The Cool Side of the Pillow: The best temperature for sleep

Research is showing us that we have more control over getting a good night’s sleep–and all the benefits that come with it–than we might think.

It’s 4 a.m. as you stare at the ceiling. You’ve been in bed for hours, yet you remain wide awake. Dreading another day of feeling drowsy and tired, you wonder, What’s so wrong with my brain that it won’t just doze off when it’s supposed to?

What you may not realize is that the secret to a better night’s sleep might be less about your mind, and more about your body temperature.

Find Your Sweet Spot

Check the temperature of your room, and make sure that you aren’t succumbing to the effects of an overheated bedroom. According to the National Sleep Foundation, sleep experts recommend keeping your bedroom at 65 degrees. However, everyone is different and may have their own optimal temperatures based on the needs of their body. Experimenting with gradually cooler temperatures could help you find your ideal personal sleeping environment.

Pump Up your Metabolism

The benefits of keeping a cool room don’t end at a great night’s sleep. A study featured in The New York Times showed that a lower bedroom temperature can lead to an increase in the brown fat (considered “good fat”) that helps boost metabolism–even during the day.

By lowering the temperature of five healthy young men’s sleep environments to 66 degrees, researchers with the National Institutes of Health showed that the participants had nearly twice as much brown fat and more efficient metabolisms. The results were more calories burned during the day and a reduced risk for diseases such as diabetes.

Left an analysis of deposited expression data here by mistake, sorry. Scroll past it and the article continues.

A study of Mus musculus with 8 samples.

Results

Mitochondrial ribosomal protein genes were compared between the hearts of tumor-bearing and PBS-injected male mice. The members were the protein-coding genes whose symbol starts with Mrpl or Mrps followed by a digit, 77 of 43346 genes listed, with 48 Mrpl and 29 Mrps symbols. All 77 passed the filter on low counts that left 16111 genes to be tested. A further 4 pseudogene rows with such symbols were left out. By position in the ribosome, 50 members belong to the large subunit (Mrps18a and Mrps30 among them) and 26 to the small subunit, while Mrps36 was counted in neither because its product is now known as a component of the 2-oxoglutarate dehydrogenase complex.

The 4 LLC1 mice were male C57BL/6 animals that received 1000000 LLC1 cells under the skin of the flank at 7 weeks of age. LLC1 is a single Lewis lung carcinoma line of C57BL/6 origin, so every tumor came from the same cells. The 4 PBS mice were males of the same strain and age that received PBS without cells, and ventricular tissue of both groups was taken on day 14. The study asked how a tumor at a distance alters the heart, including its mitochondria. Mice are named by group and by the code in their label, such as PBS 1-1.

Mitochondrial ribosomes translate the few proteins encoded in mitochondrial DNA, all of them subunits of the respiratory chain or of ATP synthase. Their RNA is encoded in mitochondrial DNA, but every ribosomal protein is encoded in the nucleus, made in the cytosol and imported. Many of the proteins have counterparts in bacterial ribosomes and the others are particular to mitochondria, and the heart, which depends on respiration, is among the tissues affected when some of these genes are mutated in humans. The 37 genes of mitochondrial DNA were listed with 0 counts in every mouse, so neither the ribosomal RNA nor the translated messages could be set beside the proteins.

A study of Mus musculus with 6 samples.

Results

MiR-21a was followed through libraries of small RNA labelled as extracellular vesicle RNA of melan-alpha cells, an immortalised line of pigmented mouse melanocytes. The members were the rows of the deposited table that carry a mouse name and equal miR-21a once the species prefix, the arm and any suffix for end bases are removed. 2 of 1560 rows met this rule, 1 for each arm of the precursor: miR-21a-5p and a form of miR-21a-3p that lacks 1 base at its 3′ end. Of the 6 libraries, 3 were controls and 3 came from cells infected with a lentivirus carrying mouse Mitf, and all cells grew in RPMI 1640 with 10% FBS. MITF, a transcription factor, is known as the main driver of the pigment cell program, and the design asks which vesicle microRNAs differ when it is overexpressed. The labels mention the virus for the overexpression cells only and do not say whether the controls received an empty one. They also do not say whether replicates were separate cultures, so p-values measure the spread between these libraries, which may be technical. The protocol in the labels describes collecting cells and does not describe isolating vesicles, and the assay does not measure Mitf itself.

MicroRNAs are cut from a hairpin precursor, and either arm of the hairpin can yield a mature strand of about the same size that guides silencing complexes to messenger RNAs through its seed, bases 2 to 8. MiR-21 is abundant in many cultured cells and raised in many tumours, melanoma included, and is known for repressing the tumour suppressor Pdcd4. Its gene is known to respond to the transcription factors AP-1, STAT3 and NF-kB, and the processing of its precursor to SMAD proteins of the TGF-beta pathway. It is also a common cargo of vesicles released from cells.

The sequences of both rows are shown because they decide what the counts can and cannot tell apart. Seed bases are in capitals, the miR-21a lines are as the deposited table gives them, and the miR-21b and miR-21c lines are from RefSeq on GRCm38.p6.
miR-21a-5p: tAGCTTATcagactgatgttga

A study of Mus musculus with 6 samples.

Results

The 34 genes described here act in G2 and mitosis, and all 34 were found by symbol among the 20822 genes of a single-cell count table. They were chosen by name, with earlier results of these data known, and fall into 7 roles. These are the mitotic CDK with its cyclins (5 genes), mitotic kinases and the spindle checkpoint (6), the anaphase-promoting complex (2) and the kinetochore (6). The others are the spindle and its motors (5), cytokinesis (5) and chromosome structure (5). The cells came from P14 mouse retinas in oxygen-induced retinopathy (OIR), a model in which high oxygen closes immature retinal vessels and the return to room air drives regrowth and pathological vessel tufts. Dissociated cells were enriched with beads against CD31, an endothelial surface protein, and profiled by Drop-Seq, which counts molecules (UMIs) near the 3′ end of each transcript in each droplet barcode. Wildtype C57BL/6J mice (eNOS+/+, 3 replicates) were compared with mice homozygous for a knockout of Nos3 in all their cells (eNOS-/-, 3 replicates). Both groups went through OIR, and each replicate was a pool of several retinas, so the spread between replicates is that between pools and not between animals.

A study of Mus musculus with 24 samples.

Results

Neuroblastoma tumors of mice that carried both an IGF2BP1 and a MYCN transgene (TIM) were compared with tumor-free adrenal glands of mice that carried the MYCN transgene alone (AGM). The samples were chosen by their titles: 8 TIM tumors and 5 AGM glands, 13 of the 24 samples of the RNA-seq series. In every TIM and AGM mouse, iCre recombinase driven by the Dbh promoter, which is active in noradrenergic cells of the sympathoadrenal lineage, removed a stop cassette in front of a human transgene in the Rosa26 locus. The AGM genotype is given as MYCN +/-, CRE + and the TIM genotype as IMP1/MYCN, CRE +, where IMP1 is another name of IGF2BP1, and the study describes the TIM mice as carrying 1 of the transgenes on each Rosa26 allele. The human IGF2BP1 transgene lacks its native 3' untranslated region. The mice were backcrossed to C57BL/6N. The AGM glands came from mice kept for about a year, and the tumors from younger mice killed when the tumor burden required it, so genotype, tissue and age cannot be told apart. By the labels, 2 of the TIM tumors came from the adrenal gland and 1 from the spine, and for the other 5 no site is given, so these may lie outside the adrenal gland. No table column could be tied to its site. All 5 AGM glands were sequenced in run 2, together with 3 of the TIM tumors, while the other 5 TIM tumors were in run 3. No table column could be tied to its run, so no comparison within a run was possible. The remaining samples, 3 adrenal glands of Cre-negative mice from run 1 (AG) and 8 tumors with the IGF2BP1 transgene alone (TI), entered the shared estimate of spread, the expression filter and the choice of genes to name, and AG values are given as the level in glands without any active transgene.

Beauty Rest

According to bestselling author and naturopathic doctor Natasha Turner, sleeping in a room warmer than 70 degrees prevents the body from cooling down naturally and properly releasing melatonin.

Melatonin is one of the body’s anti-aging hormones and is released naturally with a drop in body temperature. This drop cues your body to release growth hormones that also help you to look and feel more alert and energized.

The Science of Sleep

The reason behind the sleep benefits of cooler temps has to do with your body’s core temperature, which follows a circadian pattern throughout a 24-hour period. This pattern reaches its peak around late afternoon and its bottom around 5 a.m.—a few hours before most people rise. A declining body temperature induces sleep, and a study of insomniacs showed that the inability to shed heat and remain cool could have been prohibiting their sleep, according to Dr. Christopher Winter in The Huffington Post.

While insomnia is a very real condition that deserves treatment, it’s possible that you aren’t giving your body a chance to properly cool down at night. If you think that might be the case for you, try turning down the thermostat and finding a cool sleeping temperature that works for you.

Note: Older adults should be sure to consult their doctors before drastically changing the temperature of their rooms.